AAPA Director General Mr. Subhas Menon in a statement said several Asia Pacific carriers may face an existential threat unless they get recapitalisation or fund injections. Although he did not state or pinpoint which airlines are affected.
September figures released by AAPA showed “markedly depressed levels” for passenger and cargo demand year on year, and the trade association sees “no recovery in sight.”
AAPA noted that although manufacturing conditions further improved globally, some Asian economies continue to face weakness in exports.
International air cargo demand, measured in freight tonne kilometres (FTK), fell 17.5 percent year-on-year in September, still a mild improvement from the 19.3 percent annual drop last month.
Offered freight capacity meanwhile contracted 29.9 percent, leading to a 10.6 percentage point jump in average international freight load factor to 70.6 percent, on par with the previous month.
On the passenger front, Asia Pacific airlines flew 1.1 million international passengers in September, 3.6 percent of the 30 million that travelled in September 2019.
Offered seat capacity was a little higher at 11 percent of last year’s level, whilst the international passenger load factor was 31.7 percent.
“Airlines are struggling to survive as international air travel remains severely curtailed by onerous travel restrictions. Without recapitalisation or fund injections, several of the region’s carriers face an existential threat. Thousands of aviation jobs are already lost, with more at risk,” said Mr. Menon.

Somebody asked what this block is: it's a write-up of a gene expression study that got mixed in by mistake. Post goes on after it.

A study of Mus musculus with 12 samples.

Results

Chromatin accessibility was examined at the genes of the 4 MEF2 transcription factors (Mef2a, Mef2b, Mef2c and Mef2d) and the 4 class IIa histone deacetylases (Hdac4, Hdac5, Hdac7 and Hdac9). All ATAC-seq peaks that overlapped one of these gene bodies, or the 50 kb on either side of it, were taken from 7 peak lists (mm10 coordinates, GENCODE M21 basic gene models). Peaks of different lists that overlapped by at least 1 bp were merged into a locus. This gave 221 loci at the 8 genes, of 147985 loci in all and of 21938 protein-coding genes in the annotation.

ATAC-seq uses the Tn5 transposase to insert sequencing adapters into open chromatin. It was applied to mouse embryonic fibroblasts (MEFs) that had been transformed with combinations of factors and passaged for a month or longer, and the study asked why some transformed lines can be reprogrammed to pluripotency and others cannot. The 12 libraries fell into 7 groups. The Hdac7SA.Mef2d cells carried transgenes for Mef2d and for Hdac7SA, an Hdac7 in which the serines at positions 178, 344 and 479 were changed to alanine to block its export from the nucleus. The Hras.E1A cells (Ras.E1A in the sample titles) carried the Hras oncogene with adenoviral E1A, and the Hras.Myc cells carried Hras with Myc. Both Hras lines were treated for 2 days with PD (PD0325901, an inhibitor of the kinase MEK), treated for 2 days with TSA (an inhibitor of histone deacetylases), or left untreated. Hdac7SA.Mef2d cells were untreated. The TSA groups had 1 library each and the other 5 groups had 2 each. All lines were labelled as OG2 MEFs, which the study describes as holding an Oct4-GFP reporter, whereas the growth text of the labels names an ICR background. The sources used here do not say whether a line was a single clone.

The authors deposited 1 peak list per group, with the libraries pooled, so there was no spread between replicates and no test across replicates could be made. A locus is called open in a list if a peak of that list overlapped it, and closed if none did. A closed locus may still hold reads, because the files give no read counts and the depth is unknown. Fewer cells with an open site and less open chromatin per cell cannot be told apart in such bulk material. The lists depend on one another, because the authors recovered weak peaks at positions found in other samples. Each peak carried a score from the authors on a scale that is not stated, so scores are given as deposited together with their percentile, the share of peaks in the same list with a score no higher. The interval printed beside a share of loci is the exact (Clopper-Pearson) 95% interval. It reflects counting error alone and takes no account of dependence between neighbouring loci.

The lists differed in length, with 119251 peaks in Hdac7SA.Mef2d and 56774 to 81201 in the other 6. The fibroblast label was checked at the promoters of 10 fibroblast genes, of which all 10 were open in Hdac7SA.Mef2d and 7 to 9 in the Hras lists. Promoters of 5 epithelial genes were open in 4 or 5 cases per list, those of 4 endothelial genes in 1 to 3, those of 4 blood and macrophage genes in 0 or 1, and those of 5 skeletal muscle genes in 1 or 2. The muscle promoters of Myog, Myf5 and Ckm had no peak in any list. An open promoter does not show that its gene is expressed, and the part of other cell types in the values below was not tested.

Cathay Pacific, an AAPA member, earlier this month announced cuts affecting 5,900 jobs and shuttered its Dragon brand as part of a major restructuring.
The Hongkong airline said the cash burn was no longer sustainable given the slump in passenger demand and with no domestic market to fall back on. The carrier only saw 1,500 passengers per day in September, against the nearly 100,000 per day in a normal situation.
AAPA’s director general again urged governments to implement consistent and coordinated measures based on objective risk assessment to help restore confidence in air travel
“While the establishment of green lanes and travel bubbles in the region is a positive first step, their disparate and restrictive requirements make it difficult for these to take off meaningfully,” Menon said.
Singapore and Hongkong have agreed in principle to creating an air travel bubble to restart passenger travel, with no formal details yet of the arrangement. Carriers from the two cities both heavily rely on cross-border travel.